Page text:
The islands off Scotland are often forgotten about by tourists, and they shouldn’t be. Are you thinking of taking a staycation to the Scottish isles? It’s a great option. There is a lot to indulge in even if hiking is something that has never appealed to you. The little towns, the multilevel landscapes, and the events. These all add up to a collection of memorable moments that will stay with you forever. Take a look at our guide to the islands off Scotland to choose where your next stop will be.


Tiree is Ibiza for west coast Celts. Initially, there are beautiful beaches to explore, with their fine sand and blue waters looking more like a tropical island, or Cornwall art. But there are no raves or strips here. Instead, you’ll see little white stone cottages as you wander the bays. But, for a weekend in July, people from all around the country bring their tents and their motor homes hired from ariescape.co.uk and congregate on the island for one of the west’s biggest music festivals. The biggest acts in Celtic music come to Tiree for what is TRNSMT for teuchters, including names like Skippinish, Callum Beatie, Rhuvaal and Baskery. Be warned, this is no twee country music festival. This gig could rival Glastonbury, if Glastonbury allowed dancing as dangerous as ceilidhs to be performed at their shows. Enter at your own risk.


Mull is one of the biggest islands on the west coast, especially when compared to the likes of Tiree, but it is also one of the most popular to visit. If you want a “quaint little Scottish town by the sea”, you head to Tiree. The only way to describe it is to say to take a look at an episode of What’s the Story in Balamory because that’s where the show was filmed. The colourful houses, a staple of the show, are featured along the coast of Tobermory, which makes for a beautiful postcard. It’s also a lot more easily accessible than some others on this list. A drive to the equally attractive to tourists, Oban, and a quick ride on the ferry the town is famed for will drop you right on the southernmost end of the island or keep going onto the Isle of Lewis and Harris. Mull has everything from pony trekking to eagle watching, as well as an abundance of proud artists and galleries to enjoy. 

Isle of Skye 

The Isle of Skye is considered one of the most magical places in Scotland. The sheer mention of the Fairy Pools should give you cause to think that there is more to this little island than what you see. Myths speak of brownies, sirens, fae, etc. Explore enough and you might just see some for yourself. The Fairy Pools is a collection of clear beautiful lakes and waterfalls that offer a brave wild swimmer a fun day out. Even if you’re more of a walker than a swimmer, the pools are the grand prize at the end of a treasure-filled journey, fill of wondrous woods, challenging hikes, and beautiful views. But there is more to the Isle of Skye than the Fairy Pools. If you liked the idea of Tobermory but don’t have plans to visit Mull, you should visit Portree for an equally colourful accommodation choice. The isle’s best selling point is its natural marvels, so you have the Fairy Pools but also the Dark Sky Parks, which offer the best place to do some stargazing in a country famed for its overcast. Spot distant planets and streaking meteors. In fact, Skye’s natural wonder makes for such an amazing backdrop, a lot of big movies have been made on the island, including The BFG, Macbeth, Stardust, Snow White and the Huntsman and Transformers: The Last Knight. If you’re interested in the most picturesque places approved by producers, the common spots to find a film crew on the island include Neist Point, The Fairy Glen, the rocky Cuillin, and The Old Man of Storr.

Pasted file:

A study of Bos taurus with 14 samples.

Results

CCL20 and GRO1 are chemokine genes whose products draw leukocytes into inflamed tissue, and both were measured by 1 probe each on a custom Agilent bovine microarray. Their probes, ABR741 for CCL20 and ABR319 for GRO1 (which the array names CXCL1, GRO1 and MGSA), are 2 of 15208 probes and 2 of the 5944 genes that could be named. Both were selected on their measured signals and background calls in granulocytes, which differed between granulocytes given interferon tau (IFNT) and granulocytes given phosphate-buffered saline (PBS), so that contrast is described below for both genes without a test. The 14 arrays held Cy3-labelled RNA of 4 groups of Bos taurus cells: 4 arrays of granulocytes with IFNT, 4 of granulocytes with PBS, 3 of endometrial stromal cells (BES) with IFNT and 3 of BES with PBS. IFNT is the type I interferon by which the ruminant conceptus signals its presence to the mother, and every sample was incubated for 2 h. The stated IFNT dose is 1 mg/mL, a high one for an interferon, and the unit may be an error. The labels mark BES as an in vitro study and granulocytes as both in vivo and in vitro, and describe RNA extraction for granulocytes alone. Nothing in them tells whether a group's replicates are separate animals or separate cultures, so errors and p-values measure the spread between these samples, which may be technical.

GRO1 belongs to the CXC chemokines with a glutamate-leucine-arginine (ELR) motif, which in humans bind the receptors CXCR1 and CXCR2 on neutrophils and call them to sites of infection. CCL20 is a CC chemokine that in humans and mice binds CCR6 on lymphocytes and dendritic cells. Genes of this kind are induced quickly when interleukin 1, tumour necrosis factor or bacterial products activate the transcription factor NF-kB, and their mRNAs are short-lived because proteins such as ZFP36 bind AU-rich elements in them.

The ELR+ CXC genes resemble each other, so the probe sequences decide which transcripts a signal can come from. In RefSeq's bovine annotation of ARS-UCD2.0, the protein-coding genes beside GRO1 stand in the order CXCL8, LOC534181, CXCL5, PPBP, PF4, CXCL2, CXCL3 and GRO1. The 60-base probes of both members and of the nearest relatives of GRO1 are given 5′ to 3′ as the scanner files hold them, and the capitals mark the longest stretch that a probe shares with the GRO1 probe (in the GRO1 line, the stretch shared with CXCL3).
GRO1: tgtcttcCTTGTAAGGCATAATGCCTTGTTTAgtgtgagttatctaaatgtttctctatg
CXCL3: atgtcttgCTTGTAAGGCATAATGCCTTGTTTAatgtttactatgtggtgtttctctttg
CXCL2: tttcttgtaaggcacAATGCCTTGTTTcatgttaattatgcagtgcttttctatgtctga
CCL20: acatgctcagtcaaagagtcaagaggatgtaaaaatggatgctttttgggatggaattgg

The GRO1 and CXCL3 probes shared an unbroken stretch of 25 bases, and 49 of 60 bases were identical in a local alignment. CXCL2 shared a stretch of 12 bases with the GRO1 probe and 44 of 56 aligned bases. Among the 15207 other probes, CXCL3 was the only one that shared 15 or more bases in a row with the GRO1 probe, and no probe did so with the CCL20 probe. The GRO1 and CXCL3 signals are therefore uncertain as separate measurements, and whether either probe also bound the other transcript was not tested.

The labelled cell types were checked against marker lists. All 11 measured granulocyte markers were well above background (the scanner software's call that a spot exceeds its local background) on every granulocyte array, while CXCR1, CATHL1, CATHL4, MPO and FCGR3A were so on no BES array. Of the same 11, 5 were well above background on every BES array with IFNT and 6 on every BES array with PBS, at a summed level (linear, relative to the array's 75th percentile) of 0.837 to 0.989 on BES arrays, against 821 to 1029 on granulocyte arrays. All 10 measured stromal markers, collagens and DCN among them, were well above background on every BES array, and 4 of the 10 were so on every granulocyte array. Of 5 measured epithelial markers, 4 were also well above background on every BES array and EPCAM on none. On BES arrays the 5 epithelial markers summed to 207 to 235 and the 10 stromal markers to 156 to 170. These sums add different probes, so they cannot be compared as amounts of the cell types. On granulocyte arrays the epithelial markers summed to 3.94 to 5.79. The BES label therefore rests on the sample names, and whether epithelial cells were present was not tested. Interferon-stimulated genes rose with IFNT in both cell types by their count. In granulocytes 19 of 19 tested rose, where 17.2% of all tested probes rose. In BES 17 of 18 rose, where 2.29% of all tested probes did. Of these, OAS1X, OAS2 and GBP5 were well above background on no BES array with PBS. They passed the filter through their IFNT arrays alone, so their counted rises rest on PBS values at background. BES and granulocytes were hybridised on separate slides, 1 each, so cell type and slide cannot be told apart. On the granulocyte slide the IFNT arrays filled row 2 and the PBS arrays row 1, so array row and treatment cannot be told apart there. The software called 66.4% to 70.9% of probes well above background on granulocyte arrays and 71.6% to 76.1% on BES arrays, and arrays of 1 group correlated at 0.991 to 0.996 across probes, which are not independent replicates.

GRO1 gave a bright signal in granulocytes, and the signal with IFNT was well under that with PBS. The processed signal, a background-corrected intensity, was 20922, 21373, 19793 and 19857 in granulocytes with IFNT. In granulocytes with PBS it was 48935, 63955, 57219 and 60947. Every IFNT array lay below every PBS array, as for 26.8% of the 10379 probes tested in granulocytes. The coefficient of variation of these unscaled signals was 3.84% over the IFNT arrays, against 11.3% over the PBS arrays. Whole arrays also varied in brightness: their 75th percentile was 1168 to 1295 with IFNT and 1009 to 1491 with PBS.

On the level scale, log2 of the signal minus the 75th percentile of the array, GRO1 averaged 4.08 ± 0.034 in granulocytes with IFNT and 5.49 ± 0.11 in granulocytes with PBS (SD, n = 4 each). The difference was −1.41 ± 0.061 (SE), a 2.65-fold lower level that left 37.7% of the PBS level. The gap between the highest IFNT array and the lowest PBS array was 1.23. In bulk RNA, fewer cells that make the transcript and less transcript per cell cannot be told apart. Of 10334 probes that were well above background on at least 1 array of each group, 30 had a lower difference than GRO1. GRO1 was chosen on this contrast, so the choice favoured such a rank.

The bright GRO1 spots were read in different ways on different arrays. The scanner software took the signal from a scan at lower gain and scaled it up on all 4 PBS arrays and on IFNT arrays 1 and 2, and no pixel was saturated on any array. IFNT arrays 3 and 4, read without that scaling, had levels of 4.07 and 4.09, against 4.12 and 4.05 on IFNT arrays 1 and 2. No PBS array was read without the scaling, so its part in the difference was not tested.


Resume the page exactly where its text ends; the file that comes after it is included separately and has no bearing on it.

But these are just a few of the island options you have when visiting Scotland. We didn’t even mention Orkney, which has some of the most unique experiences, including visiting the Broch of Gurness and if you’re lucky, seeing even the aurora borealis, and indulging in the history of our Norse ancestors. And then there is the Shetland Islands, which host Up Helly Aa every January: a celebration of Viking history that makes the 4th of July look like a sputtering candle. Hit the road and see what magic you can find just a ferry ride away.